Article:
Just when we thought the Sprint-Softbank marriage was a done deal, issues arise. Dish Network, who made a late charge to acquire Sprint from under Softbank, threw a big wrench into the plans. Their offer, which was $25.5 billion to Softbank’s $21 billion, made Sprint shareholders take notice.
Citing Dish’s inability to create “an actionable offer”, Sprint is again looking to Softbank. While the Dish offer provided enough reason to consider it, most notably more money, Sprint shareholders believe the Softbank deal is the best course of action. Of course, they’ll now want something a bit closer to the Dish offer from Softbank.
Softbank has increased their offer for Sprint to $21.6 billion, up from just over $20 billion, and restructured it to give them a larger stake. The new offer is for $16.6 billion in cash, and $5 billion invested into the new company. This will give them a 78% stake in the new company, whereas the former offer would have left them with a 70% stake. That offer also gave shareholders $12.1 billion, and pumped $8 billion into a new company.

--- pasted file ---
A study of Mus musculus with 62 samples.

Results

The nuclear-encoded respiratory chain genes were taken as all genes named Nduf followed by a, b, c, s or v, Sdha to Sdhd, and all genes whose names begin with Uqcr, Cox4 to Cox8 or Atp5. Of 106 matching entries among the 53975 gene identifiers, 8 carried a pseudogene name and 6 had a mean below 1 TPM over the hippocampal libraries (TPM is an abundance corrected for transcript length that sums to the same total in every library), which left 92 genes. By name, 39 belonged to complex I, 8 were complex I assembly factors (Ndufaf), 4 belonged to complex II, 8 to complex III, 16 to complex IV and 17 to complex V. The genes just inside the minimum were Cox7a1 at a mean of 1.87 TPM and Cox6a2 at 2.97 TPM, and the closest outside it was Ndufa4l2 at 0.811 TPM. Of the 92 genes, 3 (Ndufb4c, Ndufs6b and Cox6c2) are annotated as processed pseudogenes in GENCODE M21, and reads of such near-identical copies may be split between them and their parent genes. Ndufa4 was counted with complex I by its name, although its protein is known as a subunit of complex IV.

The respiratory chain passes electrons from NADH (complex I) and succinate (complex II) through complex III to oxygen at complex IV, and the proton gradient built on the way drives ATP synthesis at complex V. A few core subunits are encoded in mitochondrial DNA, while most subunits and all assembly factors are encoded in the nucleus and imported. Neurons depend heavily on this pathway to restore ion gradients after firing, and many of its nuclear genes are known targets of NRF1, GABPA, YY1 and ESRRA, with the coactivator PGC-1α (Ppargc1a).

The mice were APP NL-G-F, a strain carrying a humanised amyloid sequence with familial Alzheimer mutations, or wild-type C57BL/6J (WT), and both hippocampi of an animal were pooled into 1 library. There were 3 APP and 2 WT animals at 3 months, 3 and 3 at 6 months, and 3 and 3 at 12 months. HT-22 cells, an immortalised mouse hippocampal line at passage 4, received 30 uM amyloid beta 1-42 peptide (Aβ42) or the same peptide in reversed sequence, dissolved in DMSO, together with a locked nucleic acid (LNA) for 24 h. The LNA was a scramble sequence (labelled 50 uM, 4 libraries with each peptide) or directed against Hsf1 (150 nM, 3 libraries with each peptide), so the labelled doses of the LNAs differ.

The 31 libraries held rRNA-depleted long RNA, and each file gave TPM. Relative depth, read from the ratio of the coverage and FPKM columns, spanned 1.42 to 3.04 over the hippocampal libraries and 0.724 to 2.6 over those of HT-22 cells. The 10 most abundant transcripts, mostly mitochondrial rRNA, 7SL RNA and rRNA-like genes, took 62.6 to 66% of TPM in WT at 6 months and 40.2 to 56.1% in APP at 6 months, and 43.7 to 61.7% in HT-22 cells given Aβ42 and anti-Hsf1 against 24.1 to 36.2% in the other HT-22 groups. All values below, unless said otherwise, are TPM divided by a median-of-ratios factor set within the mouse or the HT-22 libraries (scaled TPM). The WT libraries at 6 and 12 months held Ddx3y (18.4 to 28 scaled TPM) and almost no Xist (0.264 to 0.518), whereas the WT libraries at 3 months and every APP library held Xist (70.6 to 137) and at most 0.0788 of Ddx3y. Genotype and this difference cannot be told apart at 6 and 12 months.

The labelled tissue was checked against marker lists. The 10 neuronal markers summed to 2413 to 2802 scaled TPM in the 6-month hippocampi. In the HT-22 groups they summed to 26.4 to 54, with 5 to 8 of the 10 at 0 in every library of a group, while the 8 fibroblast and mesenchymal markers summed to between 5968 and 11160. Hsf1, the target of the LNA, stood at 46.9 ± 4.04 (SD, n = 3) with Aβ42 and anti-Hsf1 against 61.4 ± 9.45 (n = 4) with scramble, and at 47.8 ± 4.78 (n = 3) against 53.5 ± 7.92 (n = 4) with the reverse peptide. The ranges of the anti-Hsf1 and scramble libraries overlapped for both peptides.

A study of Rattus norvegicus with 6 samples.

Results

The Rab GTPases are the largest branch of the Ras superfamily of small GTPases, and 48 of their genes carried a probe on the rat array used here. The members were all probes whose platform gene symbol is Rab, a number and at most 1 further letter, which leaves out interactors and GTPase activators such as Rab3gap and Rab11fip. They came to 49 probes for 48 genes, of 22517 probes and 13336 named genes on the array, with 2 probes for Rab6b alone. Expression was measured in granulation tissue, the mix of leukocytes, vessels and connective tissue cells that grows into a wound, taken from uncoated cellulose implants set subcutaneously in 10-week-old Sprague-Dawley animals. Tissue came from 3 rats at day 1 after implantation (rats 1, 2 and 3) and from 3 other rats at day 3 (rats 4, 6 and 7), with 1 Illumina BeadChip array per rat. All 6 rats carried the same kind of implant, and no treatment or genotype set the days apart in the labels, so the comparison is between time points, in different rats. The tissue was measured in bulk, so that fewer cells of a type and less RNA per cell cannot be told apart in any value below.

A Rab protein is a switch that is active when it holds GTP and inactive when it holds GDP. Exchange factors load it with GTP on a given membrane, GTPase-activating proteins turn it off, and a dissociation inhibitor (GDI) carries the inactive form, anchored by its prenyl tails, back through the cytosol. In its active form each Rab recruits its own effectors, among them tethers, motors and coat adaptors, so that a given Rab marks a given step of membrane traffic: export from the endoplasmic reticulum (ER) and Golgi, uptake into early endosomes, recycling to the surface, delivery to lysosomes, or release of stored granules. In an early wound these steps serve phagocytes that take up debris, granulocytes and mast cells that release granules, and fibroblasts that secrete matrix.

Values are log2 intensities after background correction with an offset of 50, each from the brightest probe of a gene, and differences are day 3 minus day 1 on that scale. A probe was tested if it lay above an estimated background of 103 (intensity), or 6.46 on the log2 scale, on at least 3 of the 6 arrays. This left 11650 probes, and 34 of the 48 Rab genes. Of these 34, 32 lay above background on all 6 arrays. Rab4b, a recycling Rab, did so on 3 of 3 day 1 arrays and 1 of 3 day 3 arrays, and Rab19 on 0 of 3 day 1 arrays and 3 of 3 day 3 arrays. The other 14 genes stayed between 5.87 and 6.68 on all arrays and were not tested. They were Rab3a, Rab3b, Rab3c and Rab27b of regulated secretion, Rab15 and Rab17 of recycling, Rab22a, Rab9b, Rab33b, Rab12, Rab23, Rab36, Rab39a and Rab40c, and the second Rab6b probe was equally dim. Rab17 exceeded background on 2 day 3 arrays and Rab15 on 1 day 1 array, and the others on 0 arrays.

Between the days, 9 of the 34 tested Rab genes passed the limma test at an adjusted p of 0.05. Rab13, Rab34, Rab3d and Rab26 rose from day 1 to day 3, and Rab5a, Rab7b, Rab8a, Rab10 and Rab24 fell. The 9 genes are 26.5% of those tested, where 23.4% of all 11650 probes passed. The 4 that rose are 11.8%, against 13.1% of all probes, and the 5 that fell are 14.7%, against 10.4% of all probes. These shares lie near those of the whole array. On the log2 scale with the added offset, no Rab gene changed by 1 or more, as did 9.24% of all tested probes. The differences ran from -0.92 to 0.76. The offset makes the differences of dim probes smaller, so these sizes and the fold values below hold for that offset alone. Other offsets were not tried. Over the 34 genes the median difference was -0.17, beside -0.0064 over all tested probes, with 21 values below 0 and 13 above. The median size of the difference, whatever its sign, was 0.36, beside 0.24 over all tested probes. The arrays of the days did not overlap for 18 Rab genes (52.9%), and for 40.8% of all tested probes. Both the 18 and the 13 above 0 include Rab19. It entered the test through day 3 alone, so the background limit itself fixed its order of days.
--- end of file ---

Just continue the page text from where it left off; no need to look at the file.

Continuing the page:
What we can take from this is that shareholders are not as interested in a healthy new company as they are more money for their position. This deal, while a bit larger, has a troubling structure moving forward. The Dish offer was for around $17 billion in cash to shareholders, and roughly $8 billion invested into the new company. Shareholders are clearly wary of Dish, as they’d need to leverage quite a bit to make such an offer work, which may have been the “actionable” part they were missing. That could tell us that Dish’s plan for executing such an offer isn’t solvent.
Sprint hasn’t closed the door on Dish, though. They’ve given them until June 18th to present a “best and final offer”. Oddly enough, they wish to have a deal done by the end of July, so we’ll be watching closely to see how this all plays out.